The Friendly News is a collaboration between TELUS and Daily Hive. Together, we’re creating a space for important, feel-good community stories to be told, where Canadians can immerse themselves in uplifting news and articles featuring community leaders giving back during a time when we all need it most.
Written for Daily Hive by Ahmar Khan, a journalist based out of Toronto who covers politics, race, sports, and inequality.
At least once a month, billions of women have a period, but for some, it can cause major setbacks. The pain and anxiety of a bad period is something that 24-year-old Yanique Brandford knows all too well and is aiming to solve through her “Help A Girl Out” not-for-profit.
The organization works to provide at-risk Canadian women with the necessary sanitary products in the hopes of eliminating period poverty. While period poverty can simply be a lack of access to sanitary products, it’s also far-ranging and can mean a lack of access to menstrual hygiene education, toilets, handwashing facilities, and/or waste management.
“It’s a global problem, period poverty affects all cultures, different religions, it’s everywhere,” said Brandford, founder of Help A Girl Out.
The Ryerson University biomedical physics student has been involved in the period poverty movement since 2016. Brandford, who grew up in Jamaica before moving to Canada, said she’s seen how hard it is for some girls to access basic necessities regardless of where they live. After getting involved in the period poverty movement and seeing her efforts making a difference, she helped found Help A Girl out in 2018.
“It’s always been something that’s been prevalent in my life,” said Brandford.
A 2019 Gender Study by Plan Canada found that 68% of women in Canada have had their period limit their ability to fully participate in an activity. Of those women, more than half missed school, work, or social activities. Brandford, a low-income student, is part of that statistic, noting that at times she would miss days of school due to pains caused by her menstrual cycle.
When she’d find herself falling behind in class, Brandford quickly realized the problem was more widespread than just in her hometown of Brampton, Ontario. She recounted stories of friends missing classes and falling behind one or two lectures, which would then amount to something larger.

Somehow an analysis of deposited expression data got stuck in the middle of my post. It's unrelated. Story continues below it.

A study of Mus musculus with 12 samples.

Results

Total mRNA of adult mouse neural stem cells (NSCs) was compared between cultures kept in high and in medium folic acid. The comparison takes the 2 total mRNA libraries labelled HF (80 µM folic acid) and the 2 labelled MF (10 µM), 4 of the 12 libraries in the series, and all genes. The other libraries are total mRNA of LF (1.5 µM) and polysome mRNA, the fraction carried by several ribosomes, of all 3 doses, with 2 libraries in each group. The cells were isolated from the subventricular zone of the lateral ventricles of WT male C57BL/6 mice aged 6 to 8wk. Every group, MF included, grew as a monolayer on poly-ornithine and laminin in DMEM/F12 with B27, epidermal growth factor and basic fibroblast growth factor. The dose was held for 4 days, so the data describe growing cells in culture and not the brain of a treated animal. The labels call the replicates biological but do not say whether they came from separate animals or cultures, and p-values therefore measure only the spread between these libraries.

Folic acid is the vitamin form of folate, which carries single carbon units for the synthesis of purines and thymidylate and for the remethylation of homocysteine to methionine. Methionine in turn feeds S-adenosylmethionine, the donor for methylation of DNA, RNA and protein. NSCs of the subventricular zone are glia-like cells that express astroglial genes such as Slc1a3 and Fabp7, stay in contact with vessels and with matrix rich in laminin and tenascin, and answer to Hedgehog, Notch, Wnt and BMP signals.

“I left countless classes and felt like the whole class went to Mars because I just didn’t understand when I got back,” she said. ‘It would take two weeks to catch up… I felt cheated.”
Luckily, she said she had support from her family, but that was not the case for all of her friends. She said there were such significant impacts on their learning, some of the girls would fall behind or drop out of school altogether.
“This is way bigger than me and affects women’s lives and their prosperity,” said Brandford.
In a little over three years, Brandford has helped establish Help A Girl Out into working for women across Canada and parts of the world. Presently, they’ve got nearly 40 volunteers working with the organization who help ensure that women can get the menstrual products they need. They offer a hand-delivery service and national shipping option and include disposable menstrual products as part of their period product support program.
However, Brandford hasn’t stopped there; now, she’s working on a Canada-wide program that aims to provide reusable pads to girls in need. The reusable menstrual products would allow Help A Girl Out to reach more people and have longer-lasting pads that Brandford said can be used for “three to five years if taken care of properly.”
Brandford runs and also provides educational workshops, where she and other educators explain what a period is, what it can do to your body, and provide education on menstrual products. The education aspect became an important aspect of Help A Girl Out’s efforts to destigmatize periods through anti-stigma campaigns and myth-busting, according to Brandford.
“It’s an outrage, women have been menstruating since the dawn of time, so for it to be stigmatized, for women not to have access to something so basic — it’s ridiculous,” she said.
While period poverty affects Canadian women, it’s a global problem, so Brandford and company have launched efforts to help other affected countries.
“We do a lot of work in developing countries; a lot of our efforts have come in Jamaica, among other Caribbean countries and a few outreaches in Africa,” she said.
Lofty goals are nothing new for Brandford, who hopes to eliminate period poverty amongst at-risk Canadians, then for all Canadians, before ensuring women across the world have the menstrual products they need.